Tuesday, February 26, 2008

Effective post-mortems

One of my tasks as a CTO is running post-mortem meetings after we have an incident or outage. This is an extremely important step toward making progress in system stability and performance. Teams that don't do post-mortems miss the opportunity to get ahead of system issues.

Post-mortem meetings take some finessing, they can easily turn into a blame-game, or he-said she-said. So let me layout how I run post-mortem meetings, and how that makes them most effective.

First, important rules for post-mortems:-
1) Timely to issue (next day is best)
2) All relevant members present (no meeting if someone is missing)
3) Impartial moderator
4) Empty whiteboard to describe incident/issue
5) There is no blame

It is critically important to have "No blame", as you will make no progress otherwise. You need to acknowledge that everyone is working hard, systems can fail and its nobody's fault, and that openly discussing the issues together is the best road to ultimate resolution and system growth.

Now, even if your team knows "no blame", they will probably still be on edge at the start of the meeting. Its natural, failing systems create pressure. The team may also be avoiding dealing with the issue, hoping it will go away, and you may have to bring them back into it. What I find in post-mortems is that teams try too quickly to get to a solution. Don't let them, instead have them focus on a timeline of events.

I've found that starting the meeting with a chronology of events is extremely effective. I ask the team "what happened", and "when", and make them be exact about the when (i.e. 5:14pm), and I transcribe it all to the whiteboard. We include communications and hand-offs in the timeline, and any other information we collected at the time or gleaned later from system logs. Something about the focus on an exact time-line gets everyone to focus as a team. Maybe its because it turns us into detectives examining someone elses problem, not ours (if anyone has a better theory as to why, let me know).

After an hour, we usually have a list of immediate, medium, and long-term actions to take to remedy the issue. From that, the candidate cause/solution usually stands out, and we make sure we have alternate solutions should our candidate be wrong. These are captured on the whiteboard, and we make sure have both mitigations and solutions (making a problem go away is sometimes as good as fixing it).

Friday, February 15, 2008

Email wrong-number

Sometimes technology can have significant and unintended cultural impacts. Email in its infancy was a minefield, in that we never realized it was an inappropriate (and one-sided) tool for expressing emotions. It took us a while, but we finally taught ourselves to reread and pause before hitting the send button. In Japanese, there is a word for "unsay" to take something back, but alas not in English, nor is there a reliable unsend in email.

I've been using a Blackberry for phone and email for a while, and I've noticed an interesting phenomenon. I will call it the "Friendly wrong number". I meant to call Wendy A, but instead called Wendy B, since I dialed from my email address book and they were adjacent. "Hi, Wendy?" "Yes, who's this?" "Its Jon" "Jon? Oh, we haven't spoken for a few years, You still working at...?". Damn, wrong Wendy. But here's the kicker. I know Wendy and can't just say sorry, wrong number. This could get dicey if your boss is "Jamie B", and your best buddy is "Jamie C".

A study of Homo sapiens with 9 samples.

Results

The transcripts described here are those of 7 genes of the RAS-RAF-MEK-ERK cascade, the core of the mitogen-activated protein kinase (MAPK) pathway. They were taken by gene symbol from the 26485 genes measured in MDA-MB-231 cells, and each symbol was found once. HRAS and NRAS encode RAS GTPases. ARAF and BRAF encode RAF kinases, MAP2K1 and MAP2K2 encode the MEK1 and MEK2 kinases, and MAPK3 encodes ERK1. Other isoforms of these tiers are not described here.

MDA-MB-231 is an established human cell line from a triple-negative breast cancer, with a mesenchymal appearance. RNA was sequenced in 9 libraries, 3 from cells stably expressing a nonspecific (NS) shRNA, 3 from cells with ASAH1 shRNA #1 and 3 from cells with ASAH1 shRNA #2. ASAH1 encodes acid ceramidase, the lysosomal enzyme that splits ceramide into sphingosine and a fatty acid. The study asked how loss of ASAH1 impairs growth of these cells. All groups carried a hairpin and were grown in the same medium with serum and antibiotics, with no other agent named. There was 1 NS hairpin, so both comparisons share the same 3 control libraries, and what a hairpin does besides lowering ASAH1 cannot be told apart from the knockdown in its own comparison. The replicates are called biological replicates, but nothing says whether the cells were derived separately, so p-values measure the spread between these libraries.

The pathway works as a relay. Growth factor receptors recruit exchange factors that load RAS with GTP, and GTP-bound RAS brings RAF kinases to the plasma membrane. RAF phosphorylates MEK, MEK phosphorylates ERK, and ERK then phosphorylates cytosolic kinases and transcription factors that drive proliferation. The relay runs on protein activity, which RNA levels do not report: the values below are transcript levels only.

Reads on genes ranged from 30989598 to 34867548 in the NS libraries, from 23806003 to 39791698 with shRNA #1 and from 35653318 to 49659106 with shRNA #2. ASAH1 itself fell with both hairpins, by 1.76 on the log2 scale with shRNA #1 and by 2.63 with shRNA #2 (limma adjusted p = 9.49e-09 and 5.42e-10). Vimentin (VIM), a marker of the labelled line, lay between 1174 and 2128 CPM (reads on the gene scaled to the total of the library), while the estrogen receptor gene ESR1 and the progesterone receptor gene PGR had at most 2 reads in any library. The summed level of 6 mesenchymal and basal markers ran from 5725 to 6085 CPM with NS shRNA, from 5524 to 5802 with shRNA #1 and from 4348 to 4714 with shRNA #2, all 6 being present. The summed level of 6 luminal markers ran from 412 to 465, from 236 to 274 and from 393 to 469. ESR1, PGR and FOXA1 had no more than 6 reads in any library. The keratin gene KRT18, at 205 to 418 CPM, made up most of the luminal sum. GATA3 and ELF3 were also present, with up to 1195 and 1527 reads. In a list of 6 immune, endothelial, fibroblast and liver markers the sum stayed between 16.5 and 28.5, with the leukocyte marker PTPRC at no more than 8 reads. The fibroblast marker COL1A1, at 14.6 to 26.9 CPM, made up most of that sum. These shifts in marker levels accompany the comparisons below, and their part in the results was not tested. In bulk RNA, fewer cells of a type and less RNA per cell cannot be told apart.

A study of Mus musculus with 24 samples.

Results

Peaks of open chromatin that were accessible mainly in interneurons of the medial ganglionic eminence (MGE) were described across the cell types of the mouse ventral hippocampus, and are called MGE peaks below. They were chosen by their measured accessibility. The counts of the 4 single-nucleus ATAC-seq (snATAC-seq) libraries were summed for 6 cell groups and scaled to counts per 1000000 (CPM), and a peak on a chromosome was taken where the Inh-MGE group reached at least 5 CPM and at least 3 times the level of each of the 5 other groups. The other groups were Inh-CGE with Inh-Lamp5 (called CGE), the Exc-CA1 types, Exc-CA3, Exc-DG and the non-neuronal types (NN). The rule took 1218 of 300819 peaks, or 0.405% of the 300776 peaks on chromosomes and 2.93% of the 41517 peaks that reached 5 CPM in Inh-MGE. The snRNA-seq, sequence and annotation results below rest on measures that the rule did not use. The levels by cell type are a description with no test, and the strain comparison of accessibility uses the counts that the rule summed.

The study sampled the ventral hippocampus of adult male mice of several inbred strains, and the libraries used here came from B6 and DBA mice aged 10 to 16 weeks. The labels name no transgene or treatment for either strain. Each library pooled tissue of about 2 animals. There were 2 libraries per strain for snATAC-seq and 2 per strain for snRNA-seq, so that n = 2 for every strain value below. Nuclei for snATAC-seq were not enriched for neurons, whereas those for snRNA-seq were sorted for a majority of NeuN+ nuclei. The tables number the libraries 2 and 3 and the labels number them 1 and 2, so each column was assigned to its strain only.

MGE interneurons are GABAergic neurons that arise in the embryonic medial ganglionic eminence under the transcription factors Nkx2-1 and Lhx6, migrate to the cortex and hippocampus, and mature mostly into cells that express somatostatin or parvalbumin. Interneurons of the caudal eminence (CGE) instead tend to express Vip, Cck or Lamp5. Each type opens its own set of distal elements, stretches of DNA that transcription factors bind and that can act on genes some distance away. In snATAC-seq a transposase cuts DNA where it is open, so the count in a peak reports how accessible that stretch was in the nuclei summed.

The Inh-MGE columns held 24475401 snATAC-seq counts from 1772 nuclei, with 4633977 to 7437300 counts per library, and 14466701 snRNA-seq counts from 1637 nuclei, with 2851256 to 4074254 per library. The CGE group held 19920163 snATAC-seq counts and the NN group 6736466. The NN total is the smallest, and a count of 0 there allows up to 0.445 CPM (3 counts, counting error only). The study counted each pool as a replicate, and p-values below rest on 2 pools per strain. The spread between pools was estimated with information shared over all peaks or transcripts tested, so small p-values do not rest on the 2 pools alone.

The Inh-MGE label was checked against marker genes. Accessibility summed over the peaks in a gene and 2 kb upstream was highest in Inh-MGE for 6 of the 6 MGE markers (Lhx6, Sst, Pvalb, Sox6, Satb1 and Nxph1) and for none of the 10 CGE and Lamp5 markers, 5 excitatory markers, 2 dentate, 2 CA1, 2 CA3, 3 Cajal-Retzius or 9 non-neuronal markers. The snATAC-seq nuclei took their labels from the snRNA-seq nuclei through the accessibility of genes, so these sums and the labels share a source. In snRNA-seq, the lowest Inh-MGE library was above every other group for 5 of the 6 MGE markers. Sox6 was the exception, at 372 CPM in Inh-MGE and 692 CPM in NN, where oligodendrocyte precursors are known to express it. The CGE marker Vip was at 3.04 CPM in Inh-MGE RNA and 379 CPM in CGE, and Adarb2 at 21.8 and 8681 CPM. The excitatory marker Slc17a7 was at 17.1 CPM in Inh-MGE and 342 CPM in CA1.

A variation is the call-back from someone you just spoke to, but by mistake. Some new phone feature must be causing that, I am guessing. Another variation is in email, the dreaded auto-fill feature in Outlook.

This makes me wonder what unintended future impacts technology will have. Many of my LinkedIn contacts have photos, and it won't be long before they also show on phone and email messages on my Blackberry. Will the prevalence of GPS maps make us lose our orientation, and we'll need to carry compasses with us where ever we go (Compass, what's a compass?). I guess we'll find out.

Wednesday, February 13, 2008

Worthless processes

When reviewing a write-up or new process/project proposal, a filter that I will apply is "Does this make a difference?".

Let's say one of your team was asked to write up a plan for "managing execution risk", and they wrote a document describing a process for doing this. After you read the document, you decide that while it all makes logical sense, it really will not make a difference. For example, tracking how many lines of code are written each day makes no difference. Who cares? Its business outcomes that matter.

As a CTO, it is your job recognize tasks that don't make a difference, and tell your team that they can stop doing. If something is worthless, say so. Or go one step further, and ask your team to tell you tasks they believe are not useful or optimal. Think of it as spring cleaning. Some tasks are not negiotable and are in fact important for compliance reasons (ie Sarbanes Oxley). But if its internal driven, reexamine it. Our teams are so busy, they'll appreciate the time savings.

So, what processes/tasks are your team doing that you can throw away?